As with "South Pacific," the story holds up well. It's thrilling to hear a full orchestra play all those Rodgers and Hammerstein songs. Excellent staging. The children of the king are prominantly featured, and mostly wonderful. 'Shall We Dance" with Anna and the King come close to stopping the show.


Kelli O'Hara is having some trouble with the character of Anna Leonowens, which was written for an older actress, Gertrude Laurence. But, O'Hara will get there.


Less sure about Ken Watanabe as the King. He's speaking in a thick accent, so many of his words and sentences are lost. He looks the part, and is fine with the limited amoint of singing required of his character.


Early preview problems: Thursday night let out at 11:20. The first act was almost two hours. The ballet: The Small House of Uncle Thomas, a centerpeiece of the musical started at 10:55. "The King and I" has almost always done well on Broadway in the past, I hope cuts can be made to reduce the running time to about three hours. Again this is not a new musical, but has seldom played Broadway without Yul Brynner.


Advice: Wait a while before seeing "The King and I" revival.


According to a source I have privy to, the first act ran exactly one hour and 35 minutes, NOT "almost two hours." Act II ran about 1:15. That's a total of 2 hours, 50 minutes (not counting intermission), which frankly seems maybe just slightly long for this piece, though it certainly will tighten up as previews continue.


If the show had started on time (which it most likely didn't), and if the intermission were a strict 15 minutes (and I would bet it was longer), the end time would have been 11:05. So I'm certain the the actual start time (i.e. the start of the Overture), and the actual length of the intermission, were not taken into account in the above post.


They WILL need to get the total evening to be done by 11:00 in order to avoid overtime for the orchestra. So I'm sure they WILL aim to tighten things up.:p


I saw this last night (Thursday, April 9) and loved every minute of it! (Yes, it ended just before 11 pm). Kelli O'Hara inhabits her role; hard to believe this elegant 19th century lady was also Nellie Forbush. Ken Watanabe is charismatic as the king; yes, not every word of every song is clearly sung, but OK. The other actors and singers -- Tuptim, Lady Thiang, the Prince -- are superb. I saw this in 1952, when I was 14. There were lots of young people in the audience -- a great revival of a great Broadway musical -- show these kids what it used to be like!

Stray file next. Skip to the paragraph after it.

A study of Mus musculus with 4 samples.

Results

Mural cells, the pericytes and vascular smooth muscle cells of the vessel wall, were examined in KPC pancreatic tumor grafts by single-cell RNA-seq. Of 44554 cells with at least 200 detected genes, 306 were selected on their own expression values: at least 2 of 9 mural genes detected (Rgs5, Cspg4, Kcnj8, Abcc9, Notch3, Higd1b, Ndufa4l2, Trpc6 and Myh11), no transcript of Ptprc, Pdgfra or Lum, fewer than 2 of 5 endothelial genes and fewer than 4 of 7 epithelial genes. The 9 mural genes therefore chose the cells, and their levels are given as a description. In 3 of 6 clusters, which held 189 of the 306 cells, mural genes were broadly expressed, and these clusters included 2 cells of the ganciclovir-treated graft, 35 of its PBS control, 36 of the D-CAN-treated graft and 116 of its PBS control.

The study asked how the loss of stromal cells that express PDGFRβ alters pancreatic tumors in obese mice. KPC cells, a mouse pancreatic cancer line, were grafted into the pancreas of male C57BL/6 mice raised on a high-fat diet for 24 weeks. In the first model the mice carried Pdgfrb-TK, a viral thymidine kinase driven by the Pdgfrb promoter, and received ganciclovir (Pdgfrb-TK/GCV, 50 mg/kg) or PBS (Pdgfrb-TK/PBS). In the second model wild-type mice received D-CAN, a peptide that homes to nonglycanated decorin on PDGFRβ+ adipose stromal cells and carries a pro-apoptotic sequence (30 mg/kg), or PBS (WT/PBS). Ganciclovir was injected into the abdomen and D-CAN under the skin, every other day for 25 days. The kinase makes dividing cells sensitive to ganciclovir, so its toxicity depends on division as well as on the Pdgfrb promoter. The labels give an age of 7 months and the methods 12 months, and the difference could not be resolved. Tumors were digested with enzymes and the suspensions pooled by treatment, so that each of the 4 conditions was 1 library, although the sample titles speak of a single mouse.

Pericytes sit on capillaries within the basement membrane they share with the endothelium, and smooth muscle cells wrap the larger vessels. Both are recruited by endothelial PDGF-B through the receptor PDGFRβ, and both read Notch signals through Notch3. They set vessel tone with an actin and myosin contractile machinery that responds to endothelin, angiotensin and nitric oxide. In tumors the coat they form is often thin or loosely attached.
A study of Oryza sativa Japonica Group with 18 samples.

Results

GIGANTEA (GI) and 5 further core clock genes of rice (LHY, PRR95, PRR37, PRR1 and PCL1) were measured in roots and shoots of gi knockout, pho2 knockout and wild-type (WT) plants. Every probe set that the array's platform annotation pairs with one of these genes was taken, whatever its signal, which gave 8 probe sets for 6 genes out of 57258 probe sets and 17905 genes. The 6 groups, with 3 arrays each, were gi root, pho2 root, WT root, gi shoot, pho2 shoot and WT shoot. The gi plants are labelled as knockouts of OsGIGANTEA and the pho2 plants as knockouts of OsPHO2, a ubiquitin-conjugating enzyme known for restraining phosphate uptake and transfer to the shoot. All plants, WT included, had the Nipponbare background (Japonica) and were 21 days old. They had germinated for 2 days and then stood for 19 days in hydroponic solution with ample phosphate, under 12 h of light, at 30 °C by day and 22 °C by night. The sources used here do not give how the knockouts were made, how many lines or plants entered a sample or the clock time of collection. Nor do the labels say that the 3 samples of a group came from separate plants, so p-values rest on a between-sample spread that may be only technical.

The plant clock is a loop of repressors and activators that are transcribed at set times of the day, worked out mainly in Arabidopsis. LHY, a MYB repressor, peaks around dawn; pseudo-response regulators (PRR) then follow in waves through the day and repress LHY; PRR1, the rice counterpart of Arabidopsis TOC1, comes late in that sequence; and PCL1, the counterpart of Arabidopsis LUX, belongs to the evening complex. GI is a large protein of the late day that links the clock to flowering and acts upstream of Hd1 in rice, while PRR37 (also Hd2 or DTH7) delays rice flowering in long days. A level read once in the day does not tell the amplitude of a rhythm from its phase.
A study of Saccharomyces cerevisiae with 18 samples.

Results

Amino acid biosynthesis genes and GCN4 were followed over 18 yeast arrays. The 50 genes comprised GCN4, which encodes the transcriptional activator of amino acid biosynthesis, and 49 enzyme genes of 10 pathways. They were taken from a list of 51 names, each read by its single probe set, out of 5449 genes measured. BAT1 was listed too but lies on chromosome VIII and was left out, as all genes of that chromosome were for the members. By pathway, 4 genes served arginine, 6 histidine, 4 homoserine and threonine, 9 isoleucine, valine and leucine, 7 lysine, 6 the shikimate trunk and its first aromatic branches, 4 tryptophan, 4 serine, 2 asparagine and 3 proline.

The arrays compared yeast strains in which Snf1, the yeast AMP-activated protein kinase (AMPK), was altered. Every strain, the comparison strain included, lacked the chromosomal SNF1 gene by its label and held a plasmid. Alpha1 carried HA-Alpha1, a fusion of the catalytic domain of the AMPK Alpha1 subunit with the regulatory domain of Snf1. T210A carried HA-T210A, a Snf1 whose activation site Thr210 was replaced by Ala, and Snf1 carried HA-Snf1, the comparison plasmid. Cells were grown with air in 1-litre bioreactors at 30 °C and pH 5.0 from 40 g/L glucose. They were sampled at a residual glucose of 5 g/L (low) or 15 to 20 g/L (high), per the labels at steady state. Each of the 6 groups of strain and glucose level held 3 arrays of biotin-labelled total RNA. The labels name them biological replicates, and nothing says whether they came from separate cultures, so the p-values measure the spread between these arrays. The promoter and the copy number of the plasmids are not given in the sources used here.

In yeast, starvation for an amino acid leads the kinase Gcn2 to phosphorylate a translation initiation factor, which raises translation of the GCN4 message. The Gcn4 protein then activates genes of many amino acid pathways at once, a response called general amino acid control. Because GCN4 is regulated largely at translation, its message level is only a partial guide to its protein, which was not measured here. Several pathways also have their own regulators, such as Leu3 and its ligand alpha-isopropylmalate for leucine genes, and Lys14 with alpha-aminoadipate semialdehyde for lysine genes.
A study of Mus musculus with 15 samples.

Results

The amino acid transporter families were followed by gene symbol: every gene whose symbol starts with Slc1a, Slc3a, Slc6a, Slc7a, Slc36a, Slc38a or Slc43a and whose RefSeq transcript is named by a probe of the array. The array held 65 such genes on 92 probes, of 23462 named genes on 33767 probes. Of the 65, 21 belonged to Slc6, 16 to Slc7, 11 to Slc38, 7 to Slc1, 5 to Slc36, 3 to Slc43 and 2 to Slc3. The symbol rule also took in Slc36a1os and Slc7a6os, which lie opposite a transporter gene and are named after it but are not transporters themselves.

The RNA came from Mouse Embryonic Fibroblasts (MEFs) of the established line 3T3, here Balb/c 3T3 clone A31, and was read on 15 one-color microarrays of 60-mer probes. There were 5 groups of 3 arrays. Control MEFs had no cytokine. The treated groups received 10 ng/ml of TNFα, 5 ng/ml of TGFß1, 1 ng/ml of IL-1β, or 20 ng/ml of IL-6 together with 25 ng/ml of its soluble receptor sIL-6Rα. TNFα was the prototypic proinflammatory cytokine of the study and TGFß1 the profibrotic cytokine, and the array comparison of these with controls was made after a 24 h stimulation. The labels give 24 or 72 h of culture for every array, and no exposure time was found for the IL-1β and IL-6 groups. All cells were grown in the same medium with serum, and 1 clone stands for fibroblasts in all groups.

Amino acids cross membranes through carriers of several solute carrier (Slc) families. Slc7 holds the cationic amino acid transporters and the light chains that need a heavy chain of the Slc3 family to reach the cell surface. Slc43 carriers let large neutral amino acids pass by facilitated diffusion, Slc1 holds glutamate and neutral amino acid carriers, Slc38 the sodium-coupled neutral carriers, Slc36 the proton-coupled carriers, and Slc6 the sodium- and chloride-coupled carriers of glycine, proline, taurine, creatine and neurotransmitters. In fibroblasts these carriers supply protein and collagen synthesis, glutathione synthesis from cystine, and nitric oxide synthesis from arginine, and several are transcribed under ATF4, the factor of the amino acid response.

For weeks, my spies in Siam were telling me that nobody at “The King and I” could understand a word Ken Watanabe was saying. And when I say nobody, I mean nobody — from the actors to the audience to the ushers.


The Japanese actor, whose performance in “The Last Samurai” netted him an Oscar nomination, has only a passing familiarity with English. His portrayal of the King in the classic Rodgers and Hammerstein musical, opening April 16, was said to be intense and moving. But his version of “Shall We Dance?” reportedly came across like a scene from Woody Allen’s “What’s Up, Tiger Lily?”


Cast members were panicky because they could hear those blue-haired ladies who make up much of the Lincoln Center audience saying things like “What’s he saying?,” “What kind of an accent is that?” and, my favorite, “Speak English — like Yul Brynner!”


Apparently, Watanabe was nervous about the language problem as well. And so he decreed about three weeks ago — after all, he is the King — that everybody on the show address him in English at all times.


“He has spent every day since previews speaking in English and in English only,” a source says. “Even at home, I think.”


Well, the Rosetta Stone crash course paid off. Watanabe can now be understood, for the most part, by everybody in the theater. The little old ladies have settled down. They are no longer puzzled by “A Puzzlement.”


Watanabe’s accent wasn’t the only problem. Director Bart Sher’s production moved, to put it diplomatically, like a slow boat to China. Early performances were running over three hours. But Sher has a reputation for speeding things up. I saw an early preview of his 2008 “South Pacific” revival that lasted longer than World War II. But by opening night, the show coasted along — right to a Tony for Best Revival.


Now insiders are saying that “The King and I,” starring Kelli O’Hara, is much improved, and that Watanabe may be a contender for the Tony.


He should keep working on his English so we can understand his acceptance speech.




Saw this production last night and enjoyed every moment. Great music, great cast, great direction, costumes and sets. Couldn't have asked for a better evening of musical theater.

Since it is now well into it's run at LCT some of the early issues have been ironed out. Kelli O'Hara is mesmerizing and her voice is in fine form. Ken Wanatabe has practiced hard to erase his dialogue difficulties and is terrific in the role as King. I had no problem understanding him.

Terrific production. I would go back in a heartbeat.





That said, this was a fantastic production. The sheer size of the cast and set is amazing. Kelli O'Hara is terrific. Wanatabe is very good, too, although I had a little trouble understanding him. I would certainly go again. This was what musicals are all about.